To receive regular updates from the National Trust for Historic Preservation’s government relations team, sign up for our new monthly newsletter.
Certainly, the most consequential change resulting from Tuesday’s election is the change in leadership of the House of Representatives from the Republican to the Democratic party. The Senate Republican majority has become larger, solidifying the ability of majority leader Mitch McConnell, R-Ky., and the president to push forward their agenda. However, the House Democrats will have significant power and are expected to push their own agenda, exercise oversight of the administration, and resist certain Republican agenda items. There may be opportunities for bipartisan collaboration on infrastructure and other programs.
House leadership elections will be conducted later this month, with the exception of the position of Speaker of the House, which is elected on the first day of a new Congress. Conventional wisdom is that Rep. Nancy Pelosi will be elected Speaker. Rep. Kevin McCarthy is the leading candidate to become minority leader.
The principal legislative action that must be completed this year is addressing the remaining FY19 appropriations bills before the continuing resolution expires December 7. There is a reasonable chance that the remaining appropriations bills, including the Interior appropriations bill—which funds the Historic Preservation Fund, National Park Service (NPS), Bureau of Land Management, and other Department of the Interior agencies (along with the U.S. Forest Service, Environmental Protection Agency, National Education Association, and National Endowment for the Humanities)—could be included in a “minibus” appropriations bill. The usual barrier to a final appropriations bill is disputes over policy riders. If those disputes cannot be resolved, a continuing resolution that maintains funding at current levels is the alternative. Preservation programs are well-positioned for strong funding levels in either scenario.
The National Trust for Historic Preservation working hard to ensure that the Restore Our Parks Act, which would provide up to $6.5 billion over five years for the NPS’ deferred maintenance backlog, is enacted this year. Read more about this bill.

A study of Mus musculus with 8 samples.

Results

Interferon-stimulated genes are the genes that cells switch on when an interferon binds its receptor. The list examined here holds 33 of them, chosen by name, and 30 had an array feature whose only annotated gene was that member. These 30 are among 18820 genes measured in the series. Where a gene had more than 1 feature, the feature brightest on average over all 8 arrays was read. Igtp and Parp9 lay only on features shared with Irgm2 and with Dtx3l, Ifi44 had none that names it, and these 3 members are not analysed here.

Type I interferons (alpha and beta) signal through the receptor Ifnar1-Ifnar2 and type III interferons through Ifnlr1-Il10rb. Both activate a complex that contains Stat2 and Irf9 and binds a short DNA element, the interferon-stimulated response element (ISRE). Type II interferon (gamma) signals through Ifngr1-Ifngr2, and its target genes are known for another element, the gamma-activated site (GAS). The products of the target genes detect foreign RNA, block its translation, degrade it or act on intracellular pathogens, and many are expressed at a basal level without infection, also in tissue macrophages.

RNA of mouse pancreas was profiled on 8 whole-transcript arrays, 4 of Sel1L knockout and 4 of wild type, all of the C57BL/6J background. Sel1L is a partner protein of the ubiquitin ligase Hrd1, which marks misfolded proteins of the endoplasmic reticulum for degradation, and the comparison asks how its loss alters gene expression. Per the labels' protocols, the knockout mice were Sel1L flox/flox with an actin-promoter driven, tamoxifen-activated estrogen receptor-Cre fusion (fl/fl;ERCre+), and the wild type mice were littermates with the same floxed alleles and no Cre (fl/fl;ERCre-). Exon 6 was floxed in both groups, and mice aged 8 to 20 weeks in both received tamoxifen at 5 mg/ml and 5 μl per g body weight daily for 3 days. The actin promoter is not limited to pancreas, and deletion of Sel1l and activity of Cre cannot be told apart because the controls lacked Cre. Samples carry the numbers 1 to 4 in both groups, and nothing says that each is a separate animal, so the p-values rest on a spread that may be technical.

Permanent reauthorization and full funding for the Land and Water Conservation Fund (LWCF), which lapsed on September 30, also remains a top priority for the National Trust. Join us in telling Congress to save LWCF.
We are also working on other legislative priorities, including establishing the Route 66 National Historic Trail, expansion of both the Ocmulgee National Monument and Reconstruction Era National Monument, and reauthorization of the preservation program for historically black colleges and universities.
There remains a possibility that Congress will consider a package of public lands bills during the lame duck, and our government relations team has been working closely with individual House and Senate offices, as well as committees, to ensure that these public lands–related priority bills are included in any potential package.
We are also working on enhancements to the historic tax credit (HTC). Rep. Darin LaHood, R-Ill.; Rep. Earl Blumenauer, D-Ore.; Sen. Bill Cassidy, R-La.; and Sen. Ben Cardin, D-Md. introduced the Historic Tax Credit Enhancement Act (HTCEA) (H.R. 6081 and S. 3058) last June. This bill would eliminate the basis adjustment requirement for HTC transactions. Bill sponsors anticipate an opportunity to attach the HTCEA language to a larger legislative package that could possibly move through Congress this year. Support for the legislation needs to come from both sides of the aisle to improve its chances of enactment. Find out more about these bills.
While efforts are underway to enhance the federal HTC, we just released on Tuesday a report for state and local policymakers and advocates about the key factors and many benefit of structuring an effective state HTC. And yesterday our team hosted a webinar discussing the consequences of the election.
As we learn more about the schedule and agenda for the lame duck session, we will share opportunities for organizations and individuals to join our advocacy efforts for many of these policy issues.
Tom Cassidy is the vice president for government relations and policy at the National Trust for Historic Preservation.